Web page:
My unedited Gleaner column of May 17, 2017
The case of Latoya Nugent, her arrest and trial on three counts of ‘using a computer for malicious communication’ under the Cybercrimes Act came to a head on May 17, 2017. After pleading ‘not guilty’ to the three charges brought against her by the Thompson brothers, the apparently trumped up case against her was finally dismissed.
Essentially Paula Llewellyn, the Director of Public Prosecutions (DPP), who intervened in the case, admitted that Ms Nugent could not be found guilty because her actions had not been criminally liable. The DPP acknowledged that the postings allegedly made by Nugent were offensive and perhaps intentional but they didn’t come anywhere near meeting the ‘high threshold’ of evidence required by Section 9 of the Cybercrimes Act.
“In other words, it was offensive, but it was not at the level to make it obscene, or threatening, or menacing,” Paula Llewellyn told The Gleaner outside court.
This is interesting in light of the fact that Nugent had not only named alleged sexual predators on social media, she had then responded to their lawyer with an ‘expletive-filled’ letter. Many senior journalists had already pronounced Nugent guilty and seemed to approve of her arrest by the police but surely they must re-assess their understanding of what constitutes cybercrime now? Also what constitutes obscenity?
What Latoya may have been guilty of was offending certain deeply held notions of propriety in Jamaica where cursing is forbidden, no one should be ‘out of order’, especially women, the young should yield to the old, and everyone is referred to as a ‘lady’ or a ‘gentleman’, even crooks and murderers. Advocating on behalf of children and women who have been systematically violated and abused Nugent was in no mood to mince her words or be silenced and for this she was crucified. ‘She had it coming’ thought most of her critics when she was arrested but now they’re confronted with the fact that ‘she had it coming’ doesn’t constitute a criminal charge.
What civil society must ask in the wake of the DPP’s statements about the lack of evidence against Ms. Nugent is what made the Police act in the manner they did? Six heavily armed policemen invaded her home looking for her, then when they couldn’t find her, invaded Mary Seacole Hall, a dormitory on the University of the West Indies campus, where they intimidated her colleague, Student Services Manager, Nadeen Spence. Spence described the terror of those moments and the complete lack of support from civil society going on to say “The media wants to put us in our place and have us speak in proper hushed tones.” Is this the rightful role of the media?
As we all know, Ms Nugent was subsequently arrested and hauled off to a lockup where she was detained overnight. The manner of her arrest, with the Police brandishing high powered weapons suggested they were apprehending a kingfish of organized crime or at the very least a serious menace to the nation. They showed no warrant either when arresting her or seizing her property. Surely this is highly irregular? What does the media have to say about this complete overstepping of bounds by the police? Or is such censure reserved only for women who step out of bounds?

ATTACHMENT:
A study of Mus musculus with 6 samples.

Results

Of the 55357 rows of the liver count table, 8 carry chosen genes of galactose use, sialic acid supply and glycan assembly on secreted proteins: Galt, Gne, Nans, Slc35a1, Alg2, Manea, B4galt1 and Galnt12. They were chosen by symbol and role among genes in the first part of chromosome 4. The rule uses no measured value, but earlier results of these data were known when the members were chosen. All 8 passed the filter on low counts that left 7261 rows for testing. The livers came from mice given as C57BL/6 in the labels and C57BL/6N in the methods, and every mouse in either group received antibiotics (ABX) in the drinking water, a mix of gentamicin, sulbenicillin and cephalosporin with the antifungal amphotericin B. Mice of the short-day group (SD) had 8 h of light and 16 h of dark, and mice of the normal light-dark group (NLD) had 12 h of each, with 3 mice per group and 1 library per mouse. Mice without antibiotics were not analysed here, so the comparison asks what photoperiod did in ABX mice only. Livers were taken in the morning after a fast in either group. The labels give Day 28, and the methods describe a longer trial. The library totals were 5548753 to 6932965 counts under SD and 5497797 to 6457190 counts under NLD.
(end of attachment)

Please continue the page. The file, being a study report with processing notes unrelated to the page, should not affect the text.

At the same time let’s contrast the extraordinary treatment of Latoya Nugent with the relative lack of resolve of the Police when confronted with actual gangsters and threats to the nation. In such cases Police are impotent, apparently, until some external government flexes its muscles and insists that the Jamaican Police do their job.
Thus the Gleaner recently editorialized about the fact that “since 2006, lottery scammers have operated in St James and other parts of western Jamaica with virtual impunity, and they have been sullying Jamaica’s name internationally.” The scammers have terrorized Western Jamaica unstemmed by police action, as they went about their business of fleecing thousands of elderly Americans. Pointing out that It was the extradition of an alleged mastermind and eight others at the insistence of the US that had finally prompted police action, the Gleaner lambasted “the tepid response of the Jamaican justice system.”
“This newspaper believes it is quite humiliating that our local authorities have been largely impotent in investigating and bringing to justice the people behind scamming, which are said to include police officers… Jamaica… has demonstrated that it is weak in its attempt at reining in criminals, whether they are white-collar offenders who ravage people via Ponzi schemes, or they are heavily armed street gangs.”
Is it too much to ask that some of the zeal displayed by the Police in arresting and charging impolite women be diverted to the apprehension and prosecution of real criminals? Meanwhile as Stella Gibson, Latoya Nugent’s alter ego said on Facebook:
“As long as I breathe abusers will never silence me.
As long as I breathe paedophiles will never silence me.
As long as I breathe sexual predators will never silence me.
As long as I breathe, the state will never silence me.”
Rudies don’t fear (as the song goes), rudies don’t fear.
2 thoughts on “Rudies don’t fear…”
The apprehension of Ms. Nugent was a total abuse of police power. This culture of silencing strong-willed women needs to change. But how to effect systematic change in a society that doesn’t see it’s broken?
Thanks Robyn, that’s the dilemma, how to effect change in a society that argues against recognition of marital rape? ‘Broken’ is the right word…thanks for leaving a comment.